That brings us to the eraser. It is made from “factice,” wrote Read, a rubber-like product that is produced by rapeseed oil from the Dutch East Indies reacting with sulfur chloride.
To be sure, an awe-inspiring amount of work goes into producing a pencil. Millions of people collaborate to produce it — millions ply their unique trades and skills — yet they have no idea they are collaborating.
Each is merely exchanging his small piece of know-how for the money he needs to buy the goods and services he wants, wrote Read.
More amazing is this: No one person is capable of making a pencil. Not even the president of the pencil company.
No one person could possibly manage the millions of people — and the millions of decisions they freely make — who produce the ingredients that become a pencil.
Despite the absence of a mastermind, billions of pencils are made every year. They’re produced with such humdrum efficiency that every one of us takes pencils for granted.
The pencil, explained Read, is the triumph of human freedom — a triumph of creative human energies spontaneously responding to human necessity and desire.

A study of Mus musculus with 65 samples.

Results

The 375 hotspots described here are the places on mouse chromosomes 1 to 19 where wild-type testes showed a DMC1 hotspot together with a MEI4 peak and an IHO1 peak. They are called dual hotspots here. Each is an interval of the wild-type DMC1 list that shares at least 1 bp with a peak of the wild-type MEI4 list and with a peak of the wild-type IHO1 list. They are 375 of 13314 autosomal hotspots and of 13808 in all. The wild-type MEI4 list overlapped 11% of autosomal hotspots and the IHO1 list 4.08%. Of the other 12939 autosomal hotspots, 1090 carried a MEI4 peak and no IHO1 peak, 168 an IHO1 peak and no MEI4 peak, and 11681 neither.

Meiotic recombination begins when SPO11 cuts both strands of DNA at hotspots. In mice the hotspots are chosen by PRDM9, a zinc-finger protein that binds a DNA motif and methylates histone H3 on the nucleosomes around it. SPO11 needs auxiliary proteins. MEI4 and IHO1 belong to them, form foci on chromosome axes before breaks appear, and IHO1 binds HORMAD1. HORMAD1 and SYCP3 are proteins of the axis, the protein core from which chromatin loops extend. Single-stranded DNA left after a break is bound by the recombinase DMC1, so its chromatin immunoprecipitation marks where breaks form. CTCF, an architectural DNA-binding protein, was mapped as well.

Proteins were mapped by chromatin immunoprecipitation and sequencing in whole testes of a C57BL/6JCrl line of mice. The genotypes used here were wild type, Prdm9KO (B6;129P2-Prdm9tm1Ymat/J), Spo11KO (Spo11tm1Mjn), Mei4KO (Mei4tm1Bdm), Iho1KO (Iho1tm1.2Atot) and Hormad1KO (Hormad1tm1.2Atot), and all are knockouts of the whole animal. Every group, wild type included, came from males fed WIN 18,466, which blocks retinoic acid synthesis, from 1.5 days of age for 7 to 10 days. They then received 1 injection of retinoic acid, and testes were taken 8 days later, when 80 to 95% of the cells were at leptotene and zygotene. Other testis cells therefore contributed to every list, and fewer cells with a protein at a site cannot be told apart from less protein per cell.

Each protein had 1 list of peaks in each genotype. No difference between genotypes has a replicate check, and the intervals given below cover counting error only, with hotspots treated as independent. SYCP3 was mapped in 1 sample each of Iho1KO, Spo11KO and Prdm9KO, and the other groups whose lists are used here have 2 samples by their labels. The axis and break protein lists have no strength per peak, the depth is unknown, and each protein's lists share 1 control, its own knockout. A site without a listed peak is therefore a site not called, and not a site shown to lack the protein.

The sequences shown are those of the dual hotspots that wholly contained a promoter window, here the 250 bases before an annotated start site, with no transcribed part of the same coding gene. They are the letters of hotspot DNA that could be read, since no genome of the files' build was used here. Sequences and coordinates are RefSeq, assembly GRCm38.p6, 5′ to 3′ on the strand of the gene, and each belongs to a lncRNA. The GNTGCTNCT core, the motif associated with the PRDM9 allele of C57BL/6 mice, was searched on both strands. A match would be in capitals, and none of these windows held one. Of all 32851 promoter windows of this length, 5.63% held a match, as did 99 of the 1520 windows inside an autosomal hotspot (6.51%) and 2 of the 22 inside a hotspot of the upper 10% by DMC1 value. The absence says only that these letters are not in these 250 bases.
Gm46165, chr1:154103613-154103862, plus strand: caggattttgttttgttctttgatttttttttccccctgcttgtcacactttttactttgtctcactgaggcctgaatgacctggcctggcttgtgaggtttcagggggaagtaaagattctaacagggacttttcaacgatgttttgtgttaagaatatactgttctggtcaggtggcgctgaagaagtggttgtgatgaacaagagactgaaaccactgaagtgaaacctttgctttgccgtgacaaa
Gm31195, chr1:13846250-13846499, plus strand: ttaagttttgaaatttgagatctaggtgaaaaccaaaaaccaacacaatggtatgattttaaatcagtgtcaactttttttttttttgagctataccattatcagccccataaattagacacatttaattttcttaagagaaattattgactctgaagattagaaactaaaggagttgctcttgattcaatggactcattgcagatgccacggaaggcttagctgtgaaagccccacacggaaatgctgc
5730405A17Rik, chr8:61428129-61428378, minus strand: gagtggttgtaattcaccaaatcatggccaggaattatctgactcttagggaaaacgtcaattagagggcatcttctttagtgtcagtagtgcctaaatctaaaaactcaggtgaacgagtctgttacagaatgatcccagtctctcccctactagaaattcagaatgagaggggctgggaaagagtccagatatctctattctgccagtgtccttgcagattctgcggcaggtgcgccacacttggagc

There never was a need for a presidential commission on the production of pencils.
Without one government program, the need for pencils arose. Without any meddling from an Ivy League bureaucrat, the pencil was invented, produced and sold — the demand for pencils was met.
It is a folly for any man, or group of men, to think of producing something as incredibly complex as a pencil. How much harder must it be to produce a car — one that consumers will want to buy, anyhow?
Read concluded his essay with this advice: The best thing our government can do is leave our creative energies uninhibited — remove the obstacles that prevent human creativity and innovation from flowing freely.
Not create more obstacles by using taxpayer dough to take over a private company.
Thank goodness our government hasn’t taken over any pencil companies yet. It would be that much more costly and difficult to write to our congressmen.
Tom Purcell is a Pittsburgh Tribune-Review humor columnist.